BATON ROUGE, La. — The LSU baseball team just completed a three-game sweep of Georgia. But the Tigers are probably glad they don’t have to play the Bulldogs anymore.
Georgia gave LSU everything it could take — and a handful of bruises to boot — but the Tigers still snuck away with a victory, completing the SEC weekend sweep with a 7-6 win. Freshman right-hander Eric Walker made the start and worked his way through 6 innings for LSU, allowing 3 runs on 5 hits with 8 strikeouts and no walks.
“I told our new players after the game, welcome to the SEC,” LSU baseball coach Paul Mainieri said. “You earn everything you get. The whole idea is to get the last out before the other team ties the game or gets the lead. It was a grind today. I’m just kind of glad we got out alive.”
The most recurring theme of the afternoon, and the weekend as a whole, was the erratic nature of Georgia’s pitchers and the opportunities that created for LSU. LSU batters walked 5 times and were hit by 5 pitches Sunday. In the fifth inning alone, Georgia walked 4 LSU hitters, 3 in a row, and hit another, leading to 3 LSU runs on just 1 hit.
In the bottom of the sixth inning, Georgia pitcher Tucker Bradley hit Kramer Robertson, Cole Freeman and Antoine Duplantis in back-to-back-to-back at-bats to load the bases. LSU came away with one run from the exchange off a Greg Deichmann sacrifice fly. In all, LSU batters were hit by 12 pitches this weekend and walked 21 times.
“I’m happy, honestly,” Robertson said of the series of HBPs. “It was a close game at that point. It hurts, but it’s just as good as a walk or a hit or anything. So we have bases loaded, no outs with Greg up, so I was happy and encouraged with it. Greg did his job. We did what we needed to do. It wasn’t pretty, but we did what we needed to do to win the game.”
Walker (3-0, 2.67 ERA) stuck to the script he’s used all season.
The poised freshman threw a ton of strikes, 61 on 108 pitches, and did his best to minimize contact. Of Walker’s 8 strikeouts, though, only 3 came with runners on base.
As has been his strategy all year, Walker instead relied on fly balls and pop-ups to get his outs. Walker only recorded 2 outs via ground balls, compared to 7 via flyouts. But this continued gambling on hittable pitches yet again revealed his biggest shortcoming: home runs.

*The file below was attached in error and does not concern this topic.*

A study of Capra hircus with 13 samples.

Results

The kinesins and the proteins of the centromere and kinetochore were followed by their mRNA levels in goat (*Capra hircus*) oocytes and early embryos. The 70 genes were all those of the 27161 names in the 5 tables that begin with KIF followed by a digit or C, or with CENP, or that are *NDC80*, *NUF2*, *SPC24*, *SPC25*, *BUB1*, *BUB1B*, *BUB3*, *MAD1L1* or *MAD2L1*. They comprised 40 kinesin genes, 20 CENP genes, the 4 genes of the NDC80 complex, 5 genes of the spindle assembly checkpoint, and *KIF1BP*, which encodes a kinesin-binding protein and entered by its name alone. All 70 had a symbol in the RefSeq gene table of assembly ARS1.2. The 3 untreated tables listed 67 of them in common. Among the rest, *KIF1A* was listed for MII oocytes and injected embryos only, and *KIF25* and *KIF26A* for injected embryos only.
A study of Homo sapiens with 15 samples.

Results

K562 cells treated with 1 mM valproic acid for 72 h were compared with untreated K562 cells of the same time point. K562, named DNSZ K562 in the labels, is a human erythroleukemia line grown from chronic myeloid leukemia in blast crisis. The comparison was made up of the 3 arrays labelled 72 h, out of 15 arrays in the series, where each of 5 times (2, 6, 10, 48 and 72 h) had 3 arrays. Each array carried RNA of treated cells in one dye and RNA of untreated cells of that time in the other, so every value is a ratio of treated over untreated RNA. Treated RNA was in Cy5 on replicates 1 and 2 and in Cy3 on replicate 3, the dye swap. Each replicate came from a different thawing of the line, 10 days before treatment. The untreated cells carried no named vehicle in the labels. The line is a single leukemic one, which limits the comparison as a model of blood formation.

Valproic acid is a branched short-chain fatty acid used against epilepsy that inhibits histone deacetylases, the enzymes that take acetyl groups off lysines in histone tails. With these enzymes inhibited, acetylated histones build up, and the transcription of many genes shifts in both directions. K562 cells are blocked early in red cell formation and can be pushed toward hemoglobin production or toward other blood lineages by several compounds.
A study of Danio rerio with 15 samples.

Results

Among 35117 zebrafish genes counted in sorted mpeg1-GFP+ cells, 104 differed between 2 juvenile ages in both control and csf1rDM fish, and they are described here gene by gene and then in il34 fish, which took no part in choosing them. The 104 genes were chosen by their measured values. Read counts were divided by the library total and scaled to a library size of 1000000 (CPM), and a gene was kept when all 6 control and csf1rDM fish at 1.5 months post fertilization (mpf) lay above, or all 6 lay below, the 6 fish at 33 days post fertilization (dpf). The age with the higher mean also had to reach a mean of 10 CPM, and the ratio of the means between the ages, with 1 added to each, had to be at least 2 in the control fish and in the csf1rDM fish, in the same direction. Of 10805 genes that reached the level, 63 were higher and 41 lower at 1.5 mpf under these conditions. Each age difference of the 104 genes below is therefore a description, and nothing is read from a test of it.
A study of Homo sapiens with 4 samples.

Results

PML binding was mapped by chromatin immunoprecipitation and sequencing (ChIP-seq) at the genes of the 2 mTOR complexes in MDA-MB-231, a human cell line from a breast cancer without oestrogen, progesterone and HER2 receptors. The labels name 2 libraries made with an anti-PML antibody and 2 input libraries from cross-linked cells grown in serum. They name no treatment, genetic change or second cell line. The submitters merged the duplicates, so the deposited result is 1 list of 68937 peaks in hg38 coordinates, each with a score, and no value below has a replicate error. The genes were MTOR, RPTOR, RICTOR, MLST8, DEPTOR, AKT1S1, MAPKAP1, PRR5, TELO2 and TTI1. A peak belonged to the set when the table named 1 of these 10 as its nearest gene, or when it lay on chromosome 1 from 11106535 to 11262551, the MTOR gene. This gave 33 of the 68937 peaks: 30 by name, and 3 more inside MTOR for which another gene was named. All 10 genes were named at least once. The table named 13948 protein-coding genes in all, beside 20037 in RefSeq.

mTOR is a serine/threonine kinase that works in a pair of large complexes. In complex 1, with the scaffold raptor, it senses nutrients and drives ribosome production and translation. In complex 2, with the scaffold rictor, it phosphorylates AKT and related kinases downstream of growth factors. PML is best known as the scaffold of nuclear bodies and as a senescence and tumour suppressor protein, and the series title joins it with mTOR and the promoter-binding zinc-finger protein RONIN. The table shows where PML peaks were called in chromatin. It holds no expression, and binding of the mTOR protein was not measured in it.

Eric Walker has given up four home runs in five starts. Today he's gotten six flyouts and one groundout. Last week? 12 FOs, 3 GOs.
— Nick Suss (@nicksuss) March 19, 2017
Walker allowed his 4th home run in 5 starts Sunday, a 2-run job from Georgia second baseman Will Proctor. As a young pitcher who pounds the zone, Walker is going to give up home runs. But the fact that he allows an unexpectedly high amount of fly balls and line drives will only bite him more and more as the quality of competition increases.
“As far as plans, it’s just get them out,” Walker said. “Whether it’s a fly ball or a groundout, that’s just how baseball goes. I think every start may be different. It’s just trying to get them out.”
Robertson had another strong day from the leadoff spot, going 2-for-3 with 4 runs scored and reaching base in all 5 of his at-bats.
The performance closed out a weekend for the senior shortstop that included a 5-for-5, 3-double day Friday night and a Saturday showing where he reached base an additional 2 times. Robertson leads the Tigers with 32 runs scored this season. No other LSU player has more than 21.
Matthew has your Beck
Mainieri replaced Walker in the seventh inning with midweek starter Zack Hess, who allowed a single and a walk to the two base runners he faced. Mainieri yanked Hess in favor of fellow freshman Matthew Beck, who didn’t start off great but eventually settled into a fine rhythm.
Beck threw 2 no-hit innings, allowing 1 walk and hitting 1 batter, to bridge LSU from the seventh inning to the ninth and new closer Caleb Gilbert. Gilbert allowed two runs in the ninth inning but ultimately came through for a save, albeit a messy one.
“The one thing about Matthew Beck is he’s always going to show great poise,” Mainieri said. “He’s going to throw the ball over the plate and he’s somewhat fearless out there. It’s a good combination. If he threw eight miles per hour harder, he probably wouldn’t be at LSU. He’d be counting his money from the signing bonus. I had a gut feeling about that kid all along and he really asserted himself as somebody we can count on.”
Though Beck did allow one of the runners he inherited from Hess to score, he preserved his perfect 0.00 ERA in 6.2 innings of work. He’s allowed 1 hit in that time.
What’s next for LSU baseball?
LSU has one midweek game this week versus Southeastern Louisiana on Wednesday night at 6:30 p.m. CT at Alex Box Stadium. After that, the Tigers head to Gainesville for a pivotal weekend series against the Florida Gators, who might be reeling after losing its SEC opening series versus Auburn this weekend. Florida is 3-6 in its last nine games.
Mainieri said he’s unsure of who will start Wednesday’s game given that Hess threw today. If LSU were to use a bullpen starter other than Hess, Todd Peterson would be the most likely candidate given his start last Wednesday versus UNO.